14 inch wooden plaque of the VT-28 Rangers flying the TS-2 Tracker!
Training Squadron TWO-EIGHT was commissioned on May 1, 1960 under the leadership of Commanding Officer, Commander O. T. Knight. Prior to that, VT-28 operated as Advanced Training Unit 611. The primary mission of VT-28 was advanced multi-engine flight training for Student Naval Aviators (SNA’s). Over 6,000 Naval Aviators have been trained by VT-28 before assignment to fixed wing, multi-engine squadrons. This curriculum has evolved over the years in response to the changing need to the Navy and advances in aviation technology.
VT-28 quickly established a standard of excellence which has continued unabated for 35 years. With 44 instructors, 48 TS-2F “Tracker” aircraft, 400 enlisted personnel and an average on board student count of 125, VT-28 set new training, safety, and cost efficiency records in its first ten months of operation. During the 1960’s, as the demand for fixed wing maritime pilots increased, so did the scope and responsibility of Training Squadron TWO-EIGHT.
By the mid-sixties, the flight syllabus, augmented by simultaneous ground training, had expanded to include Familiarization, Basic and Radio Instrument Navigation, Cross County, Night Familiarization and Carrier Qualification. The TS-2F “Tracker” proved itself a most reliable and stable training platform during periods of changes in the syllabus and increased requirements. In 1969 alone, nearly 300 Naval Aviators were designated and 40,000 aircraft hours flown by VT-28. The squadron carrier qualified or “CQ’d” thousands of Student Naval Aviators in the “Tracker” until its retirement in 1979 when it was replaced by the T-44A on March 1st of that year.
The squadron continued to train Advanced Maritime Student Naval Aviators in the T-44A aircraft until 1990, at which time CNATRA directed the squadron to change its mission and become the first Instructor Training Squadron. VT-28 then assumed the responsibility for all instructor training within Training Air Wing FOUR as well as Instructor Standardization, Functional Check Flights, and course curriculum oversight in both the T-34C and the T-44A aircraft.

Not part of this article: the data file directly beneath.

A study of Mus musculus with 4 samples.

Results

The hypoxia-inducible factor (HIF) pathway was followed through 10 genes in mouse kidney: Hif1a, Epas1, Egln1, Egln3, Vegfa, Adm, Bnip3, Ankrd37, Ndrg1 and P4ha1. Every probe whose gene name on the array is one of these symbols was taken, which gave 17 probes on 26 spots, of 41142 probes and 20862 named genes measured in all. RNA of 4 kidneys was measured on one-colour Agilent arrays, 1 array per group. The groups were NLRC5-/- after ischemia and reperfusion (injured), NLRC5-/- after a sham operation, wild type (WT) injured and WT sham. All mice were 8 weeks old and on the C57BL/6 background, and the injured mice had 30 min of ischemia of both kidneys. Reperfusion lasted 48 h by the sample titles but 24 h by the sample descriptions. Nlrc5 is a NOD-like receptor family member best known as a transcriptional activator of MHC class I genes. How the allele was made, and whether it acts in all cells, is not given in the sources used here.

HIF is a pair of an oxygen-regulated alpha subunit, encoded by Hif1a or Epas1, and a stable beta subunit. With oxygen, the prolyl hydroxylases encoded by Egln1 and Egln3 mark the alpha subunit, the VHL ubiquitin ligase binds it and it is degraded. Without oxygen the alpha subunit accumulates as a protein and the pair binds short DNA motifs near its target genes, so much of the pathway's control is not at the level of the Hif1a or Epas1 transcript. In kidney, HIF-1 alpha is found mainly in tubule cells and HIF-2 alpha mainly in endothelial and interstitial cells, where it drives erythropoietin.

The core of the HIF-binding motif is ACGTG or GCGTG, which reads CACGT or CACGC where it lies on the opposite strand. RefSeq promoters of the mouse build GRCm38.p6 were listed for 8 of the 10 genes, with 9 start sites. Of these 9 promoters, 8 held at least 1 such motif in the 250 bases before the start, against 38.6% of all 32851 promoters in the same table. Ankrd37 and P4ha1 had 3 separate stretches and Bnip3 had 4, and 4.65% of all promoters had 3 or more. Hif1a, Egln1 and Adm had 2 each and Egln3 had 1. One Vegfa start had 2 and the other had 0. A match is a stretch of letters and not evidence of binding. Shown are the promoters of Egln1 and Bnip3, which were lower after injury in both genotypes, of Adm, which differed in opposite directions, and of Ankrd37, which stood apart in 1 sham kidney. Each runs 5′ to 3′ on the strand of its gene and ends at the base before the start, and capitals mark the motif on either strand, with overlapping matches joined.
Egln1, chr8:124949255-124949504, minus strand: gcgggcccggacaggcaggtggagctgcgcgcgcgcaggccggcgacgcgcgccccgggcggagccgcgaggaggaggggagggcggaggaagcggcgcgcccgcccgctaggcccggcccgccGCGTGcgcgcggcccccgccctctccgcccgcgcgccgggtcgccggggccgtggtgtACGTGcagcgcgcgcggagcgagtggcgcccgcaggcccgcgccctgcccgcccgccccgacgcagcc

On April 1, 1993, VT-28 changed its mission once again; this time to provide Primary/Intermediate Maritime and Helicopter instruction to Student Naval Aviators while flying the T-34C. In the first months as CNATRA’s fifth Primary Squadron, VT-28 continued to set the standard for training excellence, flying over 20,230 mishap free flight hours and graduating over 200 primary students and over 100 intermediate students.
With the mission change, a new squadron patch was designed. The new patch depicts the silhouette of a Texas Ranger mounted on a rearing horse. Flying over the Ranger is an aircraft leaving a patriotic contrail. This patch symbolizes the proud tradition of VT-28’s nickname and radio call sign, “Ranger,” as well as the pride the squadron possesses for its new mission and its country.